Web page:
MacDermid, Inc. v. Selle, 535 F.Supp.2d 308
Mr. Raymond Selle worked for MacDermid, Inc. for thirty years in various capacities at facilities in Connecticut, Maryland, and Sao Paulo, Brazil. MacDermid is a specialty chemical company engaged in a range of development, manufacture, and sale of chemicals and their corresponding processes. Mr. Selle resigned from the company in 2007 while stationed in Brazil and immediately began work at Enthone, a West Haven based company with a presence in Brazil, as its South American New Business Development Manager. MacDermid brought suit against Mr. Selle to enforce employment agreements from 1996 and 2002, seeking to prevent his employment at Enthone and the disclosure of confidential information.
MacDermid’s basis for legal action was two restrictive covenants signed by Mr. Selle and the vast amount of confidential information he acquired while employed at MacDermid.
The first “Employee’s Agreement” was signed November 24, 1996 and included a one-year non-compete agreement prohibiting employment with an industry competitor and an indefinite confidentiality agreement. Mr. Selle signed a second non-compete and non-disclosure agreement on June 25, 2022 when he began his position at MacDermid’s Sao Paulo office.
Additionally, the agreement stipulated that its provisions were to be “construed and enforced in accordance with the laws of the State of Connecticut, without regard to conflict of law principles”. MacDermid sought to enforce both the one-year non-compete clause and the indefinite confidentiality clause. The company claimed that Mr. Selle was privy to considerable confidential information while employed there, including business strategies, research & development projects, and customer contact information and transaction history.
The Court’s Decision
The federal court found in favor of MacDermid, enjoined Mr. Selle from employment with Enthone or any other of MacDermid’s industry competitor until September 10, 2008 (the duration of the one-year prohibition), and enjoined him from disclosing any confidential or proprietary knowledge acquired during his employment with MacDermid. The court found that there was “no basis for doubting the validity and enforceability of his [Selle’s] 1996 and 2002 employment agreements with MacDermid”. Mr. Selle’s tried to make the claim that the restrictive covenants were too broad and favored the employer but the court concluded that the covenant’s provisions were narrow and limited in scope so as not to dramatically disadvantage the employee.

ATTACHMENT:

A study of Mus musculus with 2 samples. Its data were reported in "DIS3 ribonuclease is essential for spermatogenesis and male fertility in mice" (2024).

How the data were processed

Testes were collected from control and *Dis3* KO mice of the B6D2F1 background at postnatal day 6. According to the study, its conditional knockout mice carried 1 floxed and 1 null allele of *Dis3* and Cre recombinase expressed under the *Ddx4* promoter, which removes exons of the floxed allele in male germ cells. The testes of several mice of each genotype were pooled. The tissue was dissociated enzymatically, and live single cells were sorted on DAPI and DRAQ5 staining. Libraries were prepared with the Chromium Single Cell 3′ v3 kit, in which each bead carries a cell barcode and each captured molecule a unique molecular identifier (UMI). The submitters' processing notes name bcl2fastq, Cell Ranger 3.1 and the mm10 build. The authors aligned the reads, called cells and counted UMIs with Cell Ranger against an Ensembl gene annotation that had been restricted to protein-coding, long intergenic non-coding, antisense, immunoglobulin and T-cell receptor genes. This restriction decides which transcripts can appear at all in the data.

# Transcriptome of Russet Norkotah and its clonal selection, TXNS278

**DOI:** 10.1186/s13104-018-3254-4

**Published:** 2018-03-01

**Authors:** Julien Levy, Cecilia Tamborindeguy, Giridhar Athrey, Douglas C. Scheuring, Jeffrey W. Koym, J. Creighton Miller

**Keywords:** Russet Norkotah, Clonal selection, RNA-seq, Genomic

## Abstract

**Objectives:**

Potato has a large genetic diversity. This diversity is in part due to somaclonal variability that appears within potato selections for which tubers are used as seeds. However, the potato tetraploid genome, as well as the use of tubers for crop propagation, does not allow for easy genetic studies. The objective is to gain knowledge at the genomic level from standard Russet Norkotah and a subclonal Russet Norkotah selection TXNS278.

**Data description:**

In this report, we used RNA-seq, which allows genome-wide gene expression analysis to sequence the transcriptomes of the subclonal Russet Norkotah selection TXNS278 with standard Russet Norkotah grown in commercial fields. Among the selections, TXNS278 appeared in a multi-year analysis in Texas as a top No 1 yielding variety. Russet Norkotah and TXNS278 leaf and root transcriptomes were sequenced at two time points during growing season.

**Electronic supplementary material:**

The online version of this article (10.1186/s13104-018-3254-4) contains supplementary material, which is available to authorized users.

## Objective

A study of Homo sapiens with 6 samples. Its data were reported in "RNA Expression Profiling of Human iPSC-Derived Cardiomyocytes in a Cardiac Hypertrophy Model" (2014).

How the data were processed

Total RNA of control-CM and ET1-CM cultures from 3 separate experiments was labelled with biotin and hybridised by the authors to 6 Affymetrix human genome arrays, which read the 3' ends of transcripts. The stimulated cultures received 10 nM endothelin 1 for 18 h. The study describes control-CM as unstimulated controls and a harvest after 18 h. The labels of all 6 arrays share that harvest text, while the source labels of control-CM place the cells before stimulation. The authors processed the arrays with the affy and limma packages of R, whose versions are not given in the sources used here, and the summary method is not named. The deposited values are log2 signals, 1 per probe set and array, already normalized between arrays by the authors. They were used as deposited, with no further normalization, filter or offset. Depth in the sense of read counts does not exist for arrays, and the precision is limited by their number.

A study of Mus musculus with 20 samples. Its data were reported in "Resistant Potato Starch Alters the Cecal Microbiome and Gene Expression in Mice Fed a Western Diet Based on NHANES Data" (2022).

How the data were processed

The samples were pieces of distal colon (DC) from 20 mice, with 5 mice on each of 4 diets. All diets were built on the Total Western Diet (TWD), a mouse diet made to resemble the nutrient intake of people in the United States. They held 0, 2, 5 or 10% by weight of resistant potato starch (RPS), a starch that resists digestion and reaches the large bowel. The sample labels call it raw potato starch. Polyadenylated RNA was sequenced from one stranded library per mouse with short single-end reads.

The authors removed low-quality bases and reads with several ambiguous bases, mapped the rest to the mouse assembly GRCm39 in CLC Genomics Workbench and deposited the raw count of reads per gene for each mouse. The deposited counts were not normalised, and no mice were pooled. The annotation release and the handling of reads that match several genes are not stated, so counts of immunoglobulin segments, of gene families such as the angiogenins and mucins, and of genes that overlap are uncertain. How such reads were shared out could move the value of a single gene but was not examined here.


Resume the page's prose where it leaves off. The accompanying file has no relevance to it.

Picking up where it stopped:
The court also discussed and decided what jurisdiction’s law to apply. Mr. Selle argued that Brazilian law should govern the agreement and legal proceedings since that was where he found new employment at Enthone. Mr. Selle made this assertion because he felt that Brazilian law reflects a fundamental public policy against the enforcement of restrictive covenants in employment contracts. The court however held that Connecticut law superseded Brazilian law in this case and would govern the restrictive covenant, as specified and agreed to in the 1996 and 2002 agreements.
This case shows that in certain restrictive covenants, Connecticut law (or any state’s law) can be governing even when employment takes the employee out of the country. The choice of law provision establishes the controlling legal principles (in this case, those of Connecticut) of the restrictive covenant and is characterized by global application.
If you have any questions relating to your non-compete agreement or would like to discuss any element of your employment agreement, please contact Joseph C. Maya, Esq. by phone at (203) 221-3100 or via e-mail at JMaya@Mayalaw.com.